Just like fidget spinners, rose gold accessories and Don Burke's TV career, ATMs could soon be a thing of the past.
In fact, according to new research, the humble ATM could be extinct in Australia in less than 30 years.
A projection of data from the Reserve Bank of Australia by finder.com.au has found ATMs could be a distant memory in Australia by 2036.
According to finder.com.au, the number of ATM withdrawals per month has fallen from a high of 73 million in 2010 to just 47 million this year.
If the trend continues at the same rate, ATM use will reach zero in three decades.
However, as tap-to-pay technology gets more and more popular, it is believed the decline of ATM use will accelerate even faster — meaning they'll probably disappear even sooner.
Finder spokeswoman Bessie Hassan said within a few years, she expected technology such as Apple and Android Pay to be on everyone's phone, with almost all new credit and debit cards allowing Aussies to pay with a single tap.
"As we move closer to being a cashless society, and with the advancement of contactless tap-and-go payments, the demise of ATMs is a sign of the times. With the emergence of new payment infrastructures, the need for ATM machines is questionable - they're costly to run and it could be better for banks to invest in other areas like customer rewards or loyalty. As with anything, there are pros and cons," she said.
Hassan said tap-and-go payments were more convenient than cash, but that "the demise of ATMs, coupled with dwindling physical branches, could be unsettling for older generations who are unwilling to come on board the digital banking bandwagon".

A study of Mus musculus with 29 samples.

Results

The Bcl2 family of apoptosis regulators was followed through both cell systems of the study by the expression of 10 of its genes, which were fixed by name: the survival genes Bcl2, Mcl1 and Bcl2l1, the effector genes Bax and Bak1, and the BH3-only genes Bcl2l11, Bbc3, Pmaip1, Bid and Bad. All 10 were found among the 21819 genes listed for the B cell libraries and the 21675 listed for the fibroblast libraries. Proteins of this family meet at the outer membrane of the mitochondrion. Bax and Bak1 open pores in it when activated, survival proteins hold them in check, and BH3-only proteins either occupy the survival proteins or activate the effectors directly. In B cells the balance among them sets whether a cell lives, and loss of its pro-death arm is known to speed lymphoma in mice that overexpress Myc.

Money expert and YouTube star Canna Campbell from Sugar Mamma TV said we needed to prepare for a cashless society.
"There's a flinch moment when you use cash to pay for things — it physically hurts, so you use less. So going cashless can be a bit of a landmine," she said.
"The trick around it is to be really mindful and conscious of your spending. There's got to be a change in attitude and actions as we move into a cashless world.
"Heaps of studies have shown when we use credit cards we spend more than when we use cash. With ATMs going extinct and more people using tap-and-go, Paywave and Apple Pay, we really need to make sure we stay in control.
"People should check their account on a daily basis to track spending but also look out for any fraudulent activity. People should have financial goals so when they look at their account they can see their savings going up, and they should always check their credit card balance and know when their credit card payment is due."
The good news is recent government regulations have clamped down on businesses charging excessive fees for accepting credit and debit cards, and the ATO has announced it will crack down on cash-only businesses using a lack of digital transaction records to avoid tax.
But while ATMs get less and less relevant, they're also getting cheaper to use — the big four banks recently stopped charging clients of other banks to use their ATMs, which is now saving us A$30 million ($33m) per month.